Performance Assessment of Three Turfgrass Species, in Three Different Soil Types, and their Responses to Water Deficit in Reinforced Cells, Growing in the Urban Environment

  • Ow, L.F (Centre for Urban Greenery and Ecology, National Parks Board, Singapore Botanic Gardens) ;
  • Ghosh, S. (Centre for Urban Greenery and Ecology, National Parks Board, Singapore Botanic Gardens) ;
  • Chin, S.W. (Centre for Urban Greenery and Ecology, National Parks Board, Singapore Botanic Gardens)
  • Received : 2015.10.02
  • Accepted : 2015.11.17
  • Published : 2015.12.30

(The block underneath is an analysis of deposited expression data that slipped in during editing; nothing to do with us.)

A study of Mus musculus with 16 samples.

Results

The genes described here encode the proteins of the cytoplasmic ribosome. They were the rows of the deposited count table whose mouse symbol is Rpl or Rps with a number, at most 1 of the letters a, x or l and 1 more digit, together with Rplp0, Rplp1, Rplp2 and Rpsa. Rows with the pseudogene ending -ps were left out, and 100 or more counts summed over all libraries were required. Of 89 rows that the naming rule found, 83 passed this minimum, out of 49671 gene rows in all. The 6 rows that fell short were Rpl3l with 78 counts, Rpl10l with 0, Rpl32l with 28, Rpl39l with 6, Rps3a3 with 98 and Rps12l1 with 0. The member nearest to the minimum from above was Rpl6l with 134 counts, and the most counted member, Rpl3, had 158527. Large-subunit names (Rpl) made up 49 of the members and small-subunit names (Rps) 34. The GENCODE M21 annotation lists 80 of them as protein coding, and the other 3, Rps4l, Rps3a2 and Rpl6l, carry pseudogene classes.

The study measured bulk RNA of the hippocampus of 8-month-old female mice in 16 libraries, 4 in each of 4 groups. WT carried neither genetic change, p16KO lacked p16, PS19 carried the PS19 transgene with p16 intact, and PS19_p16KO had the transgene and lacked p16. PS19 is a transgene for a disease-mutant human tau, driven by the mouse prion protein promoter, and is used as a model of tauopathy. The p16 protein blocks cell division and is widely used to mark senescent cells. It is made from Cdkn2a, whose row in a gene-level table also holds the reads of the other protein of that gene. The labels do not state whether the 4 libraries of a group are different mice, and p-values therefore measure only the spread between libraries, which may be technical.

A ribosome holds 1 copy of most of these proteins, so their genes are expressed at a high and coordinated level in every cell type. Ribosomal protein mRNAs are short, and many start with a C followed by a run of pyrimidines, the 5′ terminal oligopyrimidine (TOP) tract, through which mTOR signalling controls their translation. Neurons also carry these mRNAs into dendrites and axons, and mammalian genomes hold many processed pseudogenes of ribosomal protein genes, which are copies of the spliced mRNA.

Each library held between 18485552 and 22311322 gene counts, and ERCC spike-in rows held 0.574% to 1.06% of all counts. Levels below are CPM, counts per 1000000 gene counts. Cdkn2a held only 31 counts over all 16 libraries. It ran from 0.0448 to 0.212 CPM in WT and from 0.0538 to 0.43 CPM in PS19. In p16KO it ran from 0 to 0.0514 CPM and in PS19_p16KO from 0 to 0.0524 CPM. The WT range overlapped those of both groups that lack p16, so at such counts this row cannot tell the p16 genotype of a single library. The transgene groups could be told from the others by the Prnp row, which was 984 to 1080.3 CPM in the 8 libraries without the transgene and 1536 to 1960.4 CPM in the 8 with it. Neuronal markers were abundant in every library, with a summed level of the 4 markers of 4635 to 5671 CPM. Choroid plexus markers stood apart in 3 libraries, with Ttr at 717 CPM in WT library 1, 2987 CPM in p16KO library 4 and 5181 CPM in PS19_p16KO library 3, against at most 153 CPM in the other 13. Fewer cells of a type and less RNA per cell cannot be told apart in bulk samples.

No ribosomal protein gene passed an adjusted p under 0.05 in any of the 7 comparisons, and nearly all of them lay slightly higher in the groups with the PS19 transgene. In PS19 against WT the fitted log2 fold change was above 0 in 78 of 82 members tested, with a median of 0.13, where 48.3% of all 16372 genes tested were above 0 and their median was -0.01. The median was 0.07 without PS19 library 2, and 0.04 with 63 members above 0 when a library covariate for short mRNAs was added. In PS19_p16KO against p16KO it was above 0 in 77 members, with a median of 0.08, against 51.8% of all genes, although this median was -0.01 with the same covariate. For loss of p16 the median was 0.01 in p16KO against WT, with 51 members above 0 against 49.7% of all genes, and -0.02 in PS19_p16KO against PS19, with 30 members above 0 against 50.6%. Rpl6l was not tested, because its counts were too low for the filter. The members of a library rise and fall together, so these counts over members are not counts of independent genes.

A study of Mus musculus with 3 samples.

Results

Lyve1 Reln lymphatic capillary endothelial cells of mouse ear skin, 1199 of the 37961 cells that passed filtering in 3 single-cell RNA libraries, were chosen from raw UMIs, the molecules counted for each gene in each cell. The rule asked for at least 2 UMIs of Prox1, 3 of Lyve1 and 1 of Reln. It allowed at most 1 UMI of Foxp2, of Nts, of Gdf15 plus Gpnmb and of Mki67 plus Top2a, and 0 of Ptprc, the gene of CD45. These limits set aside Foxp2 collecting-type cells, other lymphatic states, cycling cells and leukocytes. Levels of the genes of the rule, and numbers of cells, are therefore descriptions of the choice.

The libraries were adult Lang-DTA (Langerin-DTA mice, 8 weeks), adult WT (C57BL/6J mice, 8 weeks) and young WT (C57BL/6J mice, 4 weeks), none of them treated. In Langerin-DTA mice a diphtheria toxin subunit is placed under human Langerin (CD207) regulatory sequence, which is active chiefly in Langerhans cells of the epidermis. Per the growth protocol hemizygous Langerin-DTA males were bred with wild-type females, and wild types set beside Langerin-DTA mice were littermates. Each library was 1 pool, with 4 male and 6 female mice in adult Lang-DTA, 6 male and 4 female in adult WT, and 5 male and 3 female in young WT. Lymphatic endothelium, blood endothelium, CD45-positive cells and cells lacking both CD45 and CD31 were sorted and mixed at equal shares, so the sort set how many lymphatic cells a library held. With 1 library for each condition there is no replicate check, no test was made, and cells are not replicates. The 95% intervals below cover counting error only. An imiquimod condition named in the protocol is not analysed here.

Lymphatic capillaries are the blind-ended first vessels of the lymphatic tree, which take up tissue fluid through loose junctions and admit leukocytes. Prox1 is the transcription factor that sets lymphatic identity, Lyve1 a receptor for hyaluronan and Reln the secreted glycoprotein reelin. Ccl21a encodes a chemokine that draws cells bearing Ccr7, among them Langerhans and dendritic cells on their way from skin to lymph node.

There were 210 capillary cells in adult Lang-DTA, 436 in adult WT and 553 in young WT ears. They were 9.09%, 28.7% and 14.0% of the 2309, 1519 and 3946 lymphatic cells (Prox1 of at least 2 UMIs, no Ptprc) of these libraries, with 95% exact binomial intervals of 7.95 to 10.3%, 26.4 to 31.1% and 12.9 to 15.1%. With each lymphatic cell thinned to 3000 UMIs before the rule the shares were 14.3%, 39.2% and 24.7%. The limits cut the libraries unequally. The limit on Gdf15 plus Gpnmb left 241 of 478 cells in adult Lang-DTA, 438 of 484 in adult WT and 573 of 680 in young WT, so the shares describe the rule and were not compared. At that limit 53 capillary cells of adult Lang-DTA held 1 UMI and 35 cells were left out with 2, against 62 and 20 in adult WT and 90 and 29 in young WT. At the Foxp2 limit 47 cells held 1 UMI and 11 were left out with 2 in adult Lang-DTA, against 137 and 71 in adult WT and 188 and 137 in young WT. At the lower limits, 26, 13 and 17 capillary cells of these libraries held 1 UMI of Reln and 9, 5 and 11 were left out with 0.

Reinforcement cells are used to aid grass growth and taken together, this serves to extend greenery beyond the conventional spaces of lawns, tree pits, gardens, and parks, and is advantageous to urban cities since space for greening is often limited. Drought has variable effects on plant life and the resilience of turf to drought resistance also varies with species. Changes in photosynthetic ability were more pronounced for media rather than grass species. The media of sand without organic matter was found to be least suited for drought resistance. Normalized difference vegetation index (NDVI) and digital image analysis (DIA) data were generally in favour of Zoysia species as oppose to A. compressus. In A. compressus, selective traits such as, a more extensive root system and lower specific leaf area (SLA) were not an underlying factor that assisted this grass with enhanced drought resistance. Generally, WUE was found to be strongly related to plant characterises such as overall biomass, photosynthetic features as well as the lushness indexes, and specific leaf area. This study found a strong relationship between WUE and a suite of plant characteristics. These traits should serve as useful selection criteria for species with the ability to resist water stress.